Without the right culture, it’s easy to talk ourselves out of collaboration and simpler to avoid challenging the dynamics that come with partnership working. However when it comes to addressing society’s greatest challenges – reflected by the UN Sustainable Development Goals and Scotland’s National Outcomes – we can’t afford not to get this culture right.
The spirit of partnership must be present if our desired direction and ambition for Scotland, the UK and the world are to be achieved. It’s why we’ve spent the past two years not only setting up and facilitating SDG Network Scotland, but also trying to give form to a culture of openness that sets government and civil society on the right road.
That road will have plenty of bumps along the way. If those weren’t to arise, we’d be calling into question the independence of civil society from the government; we must challenge and be challenged where needed, and we have. However, it’s by taking an open approach to dialogue that builds awareness and understanding, whilst also building trust both within and outside the partnership by shining a light on what’s taking place.
This month marks the first time that the UK and Scotland will report on progress towards the UN Global Goals. Our open letter in 2018 – supported by almost 100 organisations – indicated the level of concern that existed with Scotland’s commitment to Agenda 2030 since adopting the Goals in 2015. Scotland’s National Review, due to be published later this month, highlights the change in mood that’s come from working to get the culture right.
Last October, SDG Network Scotland set up its open working group to guide Scottish civil society’s approach when engaging with the UK National Review. The Scottish Government and Convention of Scottish Local Authorities (COSLA) latterly joined the group, which has since been the principal guiding mechanism for developing Scotland’s own National Review and inputting into the UK’s Review.
It would be too simple to say that the Network alone has been the progressive force. Key to this progress since our open letter has been the willingness of the Scottish Government to push the boundaries when it comes to openness. Any individual could join the working group, and notes, papers and agendas were shared in an open file online. A joint call for evidence between the Network and Scottish Government was published and the group secured a period for public comments on the draft Scottish National Review; a final comment period is still to come ahead of the full publication in late July.
Not only does this strengthen the review, but it also allows us to observe the gaps between civil society’s and government’s interpretations of progress and, in turn, should open more space for the two spheres to come together and experience greater dialogue in these areas. The review will not capture everything that civil society put forward, but I’m confident that it will point us in the right direction and will serve to strengthen collaboration moving forward.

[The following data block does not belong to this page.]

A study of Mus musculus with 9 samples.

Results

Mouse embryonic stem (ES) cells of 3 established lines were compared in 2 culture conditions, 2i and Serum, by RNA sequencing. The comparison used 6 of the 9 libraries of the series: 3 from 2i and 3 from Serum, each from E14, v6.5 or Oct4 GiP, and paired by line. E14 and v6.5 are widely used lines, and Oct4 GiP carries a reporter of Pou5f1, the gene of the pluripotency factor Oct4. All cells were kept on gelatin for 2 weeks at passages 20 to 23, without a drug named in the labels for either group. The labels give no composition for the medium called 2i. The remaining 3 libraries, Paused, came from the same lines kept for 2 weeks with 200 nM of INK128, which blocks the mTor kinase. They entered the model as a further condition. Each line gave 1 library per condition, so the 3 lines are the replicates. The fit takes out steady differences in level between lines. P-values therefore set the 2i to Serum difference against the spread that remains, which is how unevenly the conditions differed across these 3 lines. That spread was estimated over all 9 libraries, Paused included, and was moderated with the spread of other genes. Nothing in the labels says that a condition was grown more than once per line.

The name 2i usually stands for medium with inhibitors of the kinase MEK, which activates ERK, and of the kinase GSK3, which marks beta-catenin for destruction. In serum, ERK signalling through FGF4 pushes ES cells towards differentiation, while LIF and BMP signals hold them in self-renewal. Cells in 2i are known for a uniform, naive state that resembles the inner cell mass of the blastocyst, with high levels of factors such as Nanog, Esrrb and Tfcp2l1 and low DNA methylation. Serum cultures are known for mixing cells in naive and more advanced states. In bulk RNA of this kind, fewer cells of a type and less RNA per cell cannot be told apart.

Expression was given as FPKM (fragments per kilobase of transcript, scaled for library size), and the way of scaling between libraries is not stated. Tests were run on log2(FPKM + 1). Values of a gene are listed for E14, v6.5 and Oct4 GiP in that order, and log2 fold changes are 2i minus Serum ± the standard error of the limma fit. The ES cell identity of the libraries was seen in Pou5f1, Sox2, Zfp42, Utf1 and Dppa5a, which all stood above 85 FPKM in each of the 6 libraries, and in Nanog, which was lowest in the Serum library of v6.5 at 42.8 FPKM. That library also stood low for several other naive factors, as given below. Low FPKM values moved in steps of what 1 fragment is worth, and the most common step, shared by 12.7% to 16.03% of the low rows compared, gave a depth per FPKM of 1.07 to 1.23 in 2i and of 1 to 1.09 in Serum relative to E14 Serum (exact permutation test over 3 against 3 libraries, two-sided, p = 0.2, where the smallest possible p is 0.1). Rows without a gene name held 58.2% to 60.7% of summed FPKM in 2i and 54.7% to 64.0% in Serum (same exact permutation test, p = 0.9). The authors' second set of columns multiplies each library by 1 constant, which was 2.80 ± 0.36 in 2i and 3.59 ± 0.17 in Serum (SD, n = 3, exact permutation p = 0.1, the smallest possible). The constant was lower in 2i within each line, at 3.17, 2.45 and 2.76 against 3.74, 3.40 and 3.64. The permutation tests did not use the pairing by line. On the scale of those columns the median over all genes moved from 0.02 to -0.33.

The independence of civil society is, however, important. This is not compromised but enhanced through an open approach, but it’s been important for civil society to have its own say on Scotland’s performance. That’s why we’ve supported the production of a civil society-led review, coordinated by the Oxfam Scotland and University of the West of Scotland Partnership. Published in early July, ‘On target for 2030?’ provides an independent snapshot of Scotland’s progress with contributions from 22 different organisations; it is a vital addition to the evidence that Scotland is building. The development of this independent review at the same time as the official Scottish Review has not caused issues. In fact, it’s my hope that ‘On target for 2030?’ will inform the later stages of drafting the official Scottish Review.
It’s a far cry from the UK Government’s approach to developing its own UK National Review, published in late June and of which Scotland contributed to. Last July, the UK Stakeholders for Sustainable Development (UKSSD) set a high bar with its publication of ‘Measuring up’, the first independent assessment of UK performance. However, the UK Government’s disjointed and closed approach to developing the UK’s official National Review has been a limiting force on the democratic and all-encompassing agenda that the SDGs are.
In a recent evidence session to the UK Parliament’s International Development Committee, the Government apportioned blame on both Scotland and Wales, saying that both countries “did not make it very easy to coordinate and bring together a United Kingdom position” in the UK’s National Review. If any truth can be found in that claim, it will be as a result of the priority that’s been placed on developing a culture of openness and collaboration around the SDGs at this early stage – something guided and supported by SDG Network Scotland.